The importance of group A streptococci (GABHS) as a cause of significant morbidity and mortality is often understated and underemphasized. To the parent, nurse, and frequently the physician, this infection is equated with "strep throat" and occasionally impetigo. The possibility of group A streptococcal pharyngitis is a reason that parents (and schools) frequently request antibiotics, and this request is often granted by physicians without an attempt to confirm that GABHS is indeed the pathogen causing the illness. However, as illustrated in this issue of Pediatrìe Annaís, not only should confirmation of a GABHS infection be the standard of care, but awareness and timely recognition of complications and signs of invasive disease is a must.
During my residency I have encountered nearly as many ways to diagnose and treat pharyngitis as I have physicians who were treating pharyngitis. Many physicians site their "clinical judgment" and the "cost factor" as reasons not to use rapid antigen detection tests or cultures to diagnose GABHS pharyngitis. However, Dr. Gerber's article (pp 269-273) underlines how unreliable our clinical judgment is in this particular instance, and we should not base treatment decisions strictly on our physical examination. Even the clinical gold standard for streptococcal pharyngitis, palatal petechiae, is not specific enough to determine the etiology of an infection.
It is quite surprising that many physicians do not follow recommended guidelines with regard to the diagnosis of GABHS pharyngitis. Therefore, as residents and future practitioners, we must take it upon ourselves to practice good, accurate medicine and to use the tools that we have available. There is morbidity and significant financial cost associated with using antibiotics when not necessary. It also gives the wrong impression to patients, parents, and schools regarding appropriate antibiotic use and what should be expected when they come to the pediatrician's office.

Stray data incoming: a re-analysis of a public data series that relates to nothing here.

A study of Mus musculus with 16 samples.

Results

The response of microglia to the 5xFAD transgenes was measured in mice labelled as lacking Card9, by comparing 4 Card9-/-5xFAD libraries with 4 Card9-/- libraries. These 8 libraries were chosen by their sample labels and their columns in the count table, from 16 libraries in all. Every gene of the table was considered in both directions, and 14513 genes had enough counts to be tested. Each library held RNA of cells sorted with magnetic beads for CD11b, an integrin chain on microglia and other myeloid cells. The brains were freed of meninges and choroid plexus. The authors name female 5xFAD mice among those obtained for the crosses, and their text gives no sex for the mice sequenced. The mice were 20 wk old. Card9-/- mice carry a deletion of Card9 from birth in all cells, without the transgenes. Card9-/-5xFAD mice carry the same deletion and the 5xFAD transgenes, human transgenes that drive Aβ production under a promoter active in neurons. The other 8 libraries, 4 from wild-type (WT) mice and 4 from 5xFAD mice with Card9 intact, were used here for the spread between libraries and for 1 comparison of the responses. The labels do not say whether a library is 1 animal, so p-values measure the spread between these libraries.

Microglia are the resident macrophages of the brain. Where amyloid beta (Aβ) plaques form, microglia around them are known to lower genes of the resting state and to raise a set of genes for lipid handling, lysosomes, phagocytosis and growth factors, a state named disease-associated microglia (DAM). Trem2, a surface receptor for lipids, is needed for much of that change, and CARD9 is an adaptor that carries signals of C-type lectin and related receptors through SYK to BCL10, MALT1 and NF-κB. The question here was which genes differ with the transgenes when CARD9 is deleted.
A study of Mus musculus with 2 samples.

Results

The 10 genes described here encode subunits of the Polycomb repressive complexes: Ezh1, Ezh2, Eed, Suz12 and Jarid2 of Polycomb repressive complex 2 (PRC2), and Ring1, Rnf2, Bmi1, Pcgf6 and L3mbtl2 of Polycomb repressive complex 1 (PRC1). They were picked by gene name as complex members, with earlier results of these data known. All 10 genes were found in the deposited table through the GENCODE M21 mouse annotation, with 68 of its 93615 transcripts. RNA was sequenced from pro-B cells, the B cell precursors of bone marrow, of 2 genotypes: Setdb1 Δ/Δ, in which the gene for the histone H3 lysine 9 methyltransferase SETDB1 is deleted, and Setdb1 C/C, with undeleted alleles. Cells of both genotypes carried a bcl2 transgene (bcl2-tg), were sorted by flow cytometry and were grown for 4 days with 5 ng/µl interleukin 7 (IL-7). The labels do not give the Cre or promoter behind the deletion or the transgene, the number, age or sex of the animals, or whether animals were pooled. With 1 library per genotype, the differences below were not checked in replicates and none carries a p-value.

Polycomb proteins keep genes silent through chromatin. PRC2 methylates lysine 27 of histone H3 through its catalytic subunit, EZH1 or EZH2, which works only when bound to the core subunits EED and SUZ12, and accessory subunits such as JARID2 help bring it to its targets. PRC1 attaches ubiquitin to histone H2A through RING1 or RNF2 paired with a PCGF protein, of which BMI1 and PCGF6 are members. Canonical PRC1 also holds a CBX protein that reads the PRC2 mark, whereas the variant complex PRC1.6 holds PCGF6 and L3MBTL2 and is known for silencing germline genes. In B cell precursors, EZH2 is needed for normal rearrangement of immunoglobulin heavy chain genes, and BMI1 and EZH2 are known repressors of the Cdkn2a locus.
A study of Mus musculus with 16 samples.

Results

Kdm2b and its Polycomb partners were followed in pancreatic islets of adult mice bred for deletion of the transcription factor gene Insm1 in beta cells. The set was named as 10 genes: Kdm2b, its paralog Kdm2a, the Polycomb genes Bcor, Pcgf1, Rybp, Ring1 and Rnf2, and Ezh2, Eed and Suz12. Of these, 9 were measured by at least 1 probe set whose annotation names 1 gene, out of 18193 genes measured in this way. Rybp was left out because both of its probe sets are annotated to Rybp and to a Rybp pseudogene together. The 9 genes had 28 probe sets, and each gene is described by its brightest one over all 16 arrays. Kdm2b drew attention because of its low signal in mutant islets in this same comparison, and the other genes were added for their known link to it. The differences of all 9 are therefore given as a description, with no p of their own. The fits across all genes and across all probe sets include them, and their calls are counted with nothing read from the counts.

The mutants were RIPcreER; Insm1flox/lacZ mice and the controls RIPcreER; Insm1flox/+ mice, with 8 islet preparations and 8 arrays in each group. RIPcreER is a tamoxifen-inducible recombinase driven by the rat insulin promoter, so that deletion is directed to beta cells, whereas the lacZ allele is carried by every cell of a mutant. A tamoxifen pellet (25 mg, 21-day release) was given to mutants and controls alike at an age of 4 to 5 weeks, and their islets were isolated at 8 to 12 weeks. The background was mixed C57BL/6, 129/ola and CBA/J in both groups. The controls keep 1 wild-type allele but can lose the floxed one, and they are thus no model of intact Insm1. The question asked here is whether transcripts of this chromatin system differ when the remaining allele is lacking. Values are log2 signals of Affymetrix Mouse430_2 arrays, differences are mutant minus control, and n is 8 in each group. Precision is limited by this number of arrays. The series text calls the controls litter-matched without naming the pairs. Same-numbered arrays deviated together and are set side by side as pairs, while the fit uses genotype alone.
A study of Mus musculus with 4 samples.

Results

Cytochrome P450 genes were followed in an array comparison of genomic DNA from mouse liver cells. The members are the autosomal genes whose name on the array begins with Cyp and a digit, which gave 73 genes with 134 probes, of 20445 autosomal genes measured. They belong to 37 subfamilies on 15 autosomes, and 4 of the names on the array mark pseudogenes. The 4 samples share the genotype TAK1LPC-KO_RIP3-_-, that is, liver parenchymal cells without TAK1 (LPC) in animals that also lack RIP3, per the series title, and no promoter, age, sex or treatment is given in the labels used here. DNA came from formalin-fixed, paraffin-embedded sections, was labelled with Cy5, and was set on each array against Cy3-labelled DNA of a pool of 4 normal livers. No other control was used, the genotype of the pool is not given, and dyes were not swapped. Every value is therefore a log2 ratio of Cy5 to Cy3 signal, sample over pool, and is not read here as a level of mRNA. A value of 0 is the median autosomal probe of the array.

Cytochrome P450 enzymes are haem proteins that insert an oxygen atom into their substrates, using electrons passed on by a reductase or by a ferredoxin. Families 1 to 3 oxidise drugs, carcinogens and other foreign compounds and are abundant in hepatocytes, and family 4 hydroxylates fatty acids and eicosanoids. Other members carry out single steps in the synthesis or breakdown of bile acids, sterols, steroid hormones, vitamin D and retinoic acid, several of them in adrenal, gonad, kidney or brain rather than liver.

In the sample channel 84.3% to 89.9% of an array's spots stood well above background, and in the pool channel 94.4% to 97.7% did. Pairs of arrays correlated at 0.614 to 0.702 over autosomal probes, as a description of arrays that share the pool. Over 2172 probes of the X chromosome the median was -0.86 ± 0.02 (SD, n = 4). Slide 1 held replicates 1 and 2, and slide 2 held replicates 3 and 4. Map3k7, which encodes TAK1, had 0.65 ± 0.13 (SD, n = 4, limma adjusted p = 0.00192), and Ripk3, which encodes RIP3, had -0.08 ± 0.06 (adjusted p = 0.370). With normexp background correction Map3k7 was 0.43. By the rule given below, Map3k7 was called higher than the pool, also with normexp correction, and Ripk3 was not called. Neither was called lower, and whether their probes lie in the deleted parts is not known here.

Another issue of group A streptococcal disease that we must address is that of thinking of GABHS as a pathogen beyond pharyngitis and impetigo. As Drs. Ayoub and Ahmed point out (pp 287-292), GABHS may cause infection at many other sites, including septic arthritis, mastoiditis, and pneumonia. One of the first pediatrie patients that I saw as a third year medical student was a previously healthy 11 -year-old boy who presented with fever, toxicity, pneumonia, and a faint rash in his groin area and who was mildly hypotensive. The attending (a private physician in the community) felt strongly that this clinical picture was consistent with invasive GABHS, and she treated the patient with clindamycin from the beginning. She was right, but it wasn't until much later that I realized how impressive her diagnostic skills were.
To the residents of tomorrow, group A streptococcus may be the Haemophilus influenzas type B of today. The possibility of developing a vaccine for GABHS looks hopeful. However, the multiple serotypes and complexities of the proteins involved make this an arduous task. Until this vaccine can be developed and becomes available, we must continue to be judicious in our management of group A streptococcal disease.
Invasive GABHS can be the cause of significant morbidity and mortality in the pediatrie population, and we must recognize it as a significant pathogen. We must therefore strive to diagnose and treat group A streptococcal disease properly and be prepared to recognize it as a cause of invasive disease and not merely pharyngitis and impetigo.